The Pathway to Pastoral Ministry – What Does a Pastor Do? (2)

This series for young men considering ministry starts here.

If you’re thinking about being a pastor, you should know what a pastor does. The first responsibility of a pastor is the ministry of the Word, both public and personal.

Another of the pastor’s primary responsibilities is spiritual care for people. The word pastor actually means shepherd. A pastor cares for his people like a shepherd does for his sheep. Peter instructed pastors to “shepherd the flock of God which is among you” (1 Peter 5:2).

A pastor cares for people’s spiritual growth. A good example is a man named Epaphras. He is mentioned in Colossians 4:12. Many think Epaphras was the pastor of the church in the city of Colossae.

He visited the Apostle Paul, and Paul wrote the church members in Colossae. Paul included this statement: “Epaphras, who is one of you, a servant of Christ Jesus, greets you, always struggling on your behalf in his prayers, that you may stand mature and fully assured in all the will of God.”

This tells us a few things about Epaphras. He had the people on his mind. He prayed fervently for them. And he wanted them to grow spiritually. These same things are true of a good pastor. He has his people on his mind and heart. He brings them before the Lord in prayer. And his goal for them is that they would mature in Christ and do God’s will.

Opportunities to provide care for God’s people come through the normal life of the church. A pastor interacts with his people individually before and after services, seeing how they are doing and encouraging them. He conveys his heart for their spiritual growth in the way he leads the gatherings of the church, the way he prays publicly, and applications he includes in his preaching.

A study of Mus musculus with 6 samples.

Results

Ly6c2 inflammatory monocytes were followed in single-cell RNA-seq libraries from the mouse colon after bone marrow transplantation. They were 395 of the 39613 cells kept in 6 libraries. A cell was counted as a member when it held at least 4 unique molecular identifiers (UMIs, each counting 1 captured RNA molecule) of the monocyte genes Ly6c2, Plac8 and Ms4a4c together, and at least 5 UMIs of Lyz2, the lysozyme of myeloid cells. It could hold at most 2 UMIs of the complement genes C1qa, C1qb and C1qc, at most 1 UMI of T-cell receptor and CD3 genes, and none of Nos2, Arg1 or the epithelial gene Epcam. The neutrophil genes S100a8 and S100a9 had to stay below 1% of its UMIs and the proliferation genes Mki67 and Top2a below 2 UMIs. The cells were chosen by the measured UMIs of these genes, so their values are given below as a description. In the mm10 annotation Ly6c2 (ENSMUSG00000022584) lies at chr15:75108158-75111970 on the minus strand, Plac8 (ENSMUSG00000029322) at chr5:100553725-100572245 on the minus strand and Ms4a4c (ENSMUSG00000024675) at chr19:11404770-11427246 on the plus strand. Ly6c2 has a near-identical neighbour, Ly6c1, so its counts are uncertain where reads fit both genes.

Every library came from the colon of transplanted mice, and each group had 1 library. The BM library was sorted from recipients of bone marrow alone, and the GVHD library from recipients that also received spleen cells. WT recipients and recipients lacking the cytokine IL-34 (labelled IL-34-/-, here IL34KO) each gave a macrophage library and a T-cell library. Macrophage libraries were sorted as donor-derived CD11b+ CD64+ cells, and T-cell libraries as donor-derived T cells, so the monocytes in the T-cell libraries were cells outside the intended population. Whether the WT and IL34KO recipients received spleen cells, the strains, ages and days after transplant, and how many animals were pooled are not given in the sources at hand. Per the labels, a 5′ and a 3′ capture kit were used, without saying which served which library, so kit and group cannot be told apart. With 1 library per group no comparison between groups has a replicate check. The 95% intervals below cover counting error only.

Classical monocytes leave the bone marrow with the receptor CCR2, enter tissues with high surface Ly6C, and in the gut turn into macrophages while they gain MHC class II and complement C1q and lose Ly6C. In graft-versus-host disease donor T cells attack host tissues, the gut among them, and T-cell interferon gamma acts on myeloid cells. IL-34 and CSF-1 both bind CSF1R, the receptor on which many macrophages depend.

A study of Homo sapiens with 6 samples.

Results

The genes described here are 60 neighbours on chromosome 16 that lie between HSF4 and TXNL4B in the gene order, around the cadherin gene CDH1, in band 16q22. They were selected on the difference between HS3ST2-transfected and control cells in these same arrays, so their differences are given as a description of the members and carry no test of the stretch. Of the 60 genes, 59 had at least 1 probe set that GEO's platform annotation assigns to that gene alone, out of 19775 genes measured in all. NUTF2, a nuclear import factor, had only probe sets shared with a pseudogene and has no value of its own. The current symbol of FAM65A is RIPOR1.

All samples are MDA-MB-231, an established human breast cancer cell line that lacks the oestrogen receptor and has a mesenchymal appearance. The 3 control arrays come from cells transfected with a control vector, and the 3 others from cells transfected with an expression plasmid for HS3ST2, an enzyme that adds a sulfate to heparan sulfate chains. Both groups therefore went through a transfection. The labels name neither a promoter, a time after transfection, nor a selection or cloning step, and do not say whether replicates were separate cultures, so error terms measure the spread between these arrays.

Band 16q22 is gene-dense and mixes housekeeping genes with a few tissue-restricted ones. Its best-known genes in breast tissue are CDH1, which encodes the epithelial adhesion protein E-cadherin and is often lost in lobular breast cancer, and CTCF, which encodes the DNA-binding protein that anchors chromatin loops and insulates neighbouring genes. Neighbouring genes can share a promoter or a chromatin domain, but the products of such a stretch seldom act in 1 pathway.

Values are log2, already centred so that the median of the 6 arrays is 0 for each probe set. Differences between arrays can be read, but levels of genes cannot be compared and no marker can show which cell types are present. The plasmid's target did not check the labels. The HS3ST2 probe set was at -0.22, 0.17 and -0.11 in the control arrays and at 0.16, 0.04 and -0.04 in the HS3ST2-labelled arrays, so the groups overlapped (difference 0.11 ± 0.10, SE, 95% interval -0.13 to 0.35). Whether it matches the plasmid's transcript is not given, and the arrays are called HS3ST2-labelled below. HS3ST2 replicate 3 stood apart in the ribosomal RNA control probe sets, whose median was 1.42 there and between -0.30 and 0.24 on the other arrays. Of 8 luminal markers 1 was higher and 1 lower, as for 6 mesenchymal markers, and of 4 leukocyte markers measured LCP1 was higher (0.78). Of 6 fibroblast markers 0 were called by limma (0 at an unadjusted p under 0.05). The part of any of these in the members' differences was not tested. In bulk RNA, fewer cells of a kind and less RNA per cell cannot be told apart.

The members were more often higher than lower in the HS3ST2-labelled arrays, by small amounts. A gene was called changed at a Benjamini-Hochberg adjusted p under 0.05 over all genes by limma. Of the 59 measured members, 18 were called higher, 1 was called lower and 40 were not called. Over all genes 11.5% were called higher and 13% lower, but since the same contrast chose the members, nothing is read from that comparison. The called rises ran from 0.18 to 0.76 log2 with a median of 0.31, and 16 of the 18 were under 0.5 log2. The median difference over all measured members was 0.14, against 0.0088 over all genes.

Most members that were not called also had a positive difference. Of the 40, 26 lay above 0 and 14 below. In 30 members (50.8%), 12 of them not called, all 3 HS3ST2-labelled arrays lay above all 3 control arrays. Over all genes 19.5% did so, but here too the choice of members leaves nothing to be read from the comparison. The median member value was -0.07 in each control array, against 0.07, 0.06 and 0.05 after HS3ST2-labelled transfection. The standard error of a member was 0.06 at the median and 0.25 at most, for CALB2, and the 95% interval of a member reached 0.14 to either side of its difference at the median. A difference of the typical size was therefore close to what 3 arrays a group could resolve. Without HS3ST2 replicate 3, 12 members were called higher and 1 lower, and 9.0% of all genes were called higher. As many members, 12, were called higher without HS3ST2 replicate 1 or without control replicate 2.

A pastor will want to get to know his people. Paul described Epaphras, mentioned above, as “one of you.” Peter addressed his instructions to “the elders (pastors) among you” (1 Peter 5:1). These descriptions imply that these men spent time with their people and were not isolated from them. Part of being a pastor is getting to know the people through visits, conversations, over meals in his home or theirs, and even having fun together.

A caring pastor will use the circumstances of people’s individual lives to encourage them and help them grow spiritually. The birth of a new baby, special family occasions such as birthdays and anniversaries he’s invited to attend, graduations, and other significant milestones are opportunities to show interest and “rejoice with those who rejoice”(Romans 12:15).

He also enters people’s lives when they are hurting. He practices the “ministry of presence” when his church members are sick, having surgery, lose a loved one, or go through other difficult trials in life.

A pastor often visits people going through hard times, expressing comfort and praying with them. He encourages them to trust God for strength and to see how God is working in their lives through these difficulties.

Have you or your family been helped by a pastor’s personal ministry to you during a difficult time? If you have, you know how helpful it is to have a shepherd providing comfort, prayer, guidance, and help. It reminds you that God cares for you and has a purpose in the trial. While it isn’t always easy to walk with people through challenging times, a pastor is used of God in a great way.

If you’re thinking about being a pastor, you might want to ask your pastor if you can go with him some time when he visits people in the hospital or in their homes. You can observe how he shows care and brings comfort, and points them to God’s purpose in trials. You might find that you have a desire in your own heart to help people in the same way.

Here’s one more important area of a pastor’s responsibility.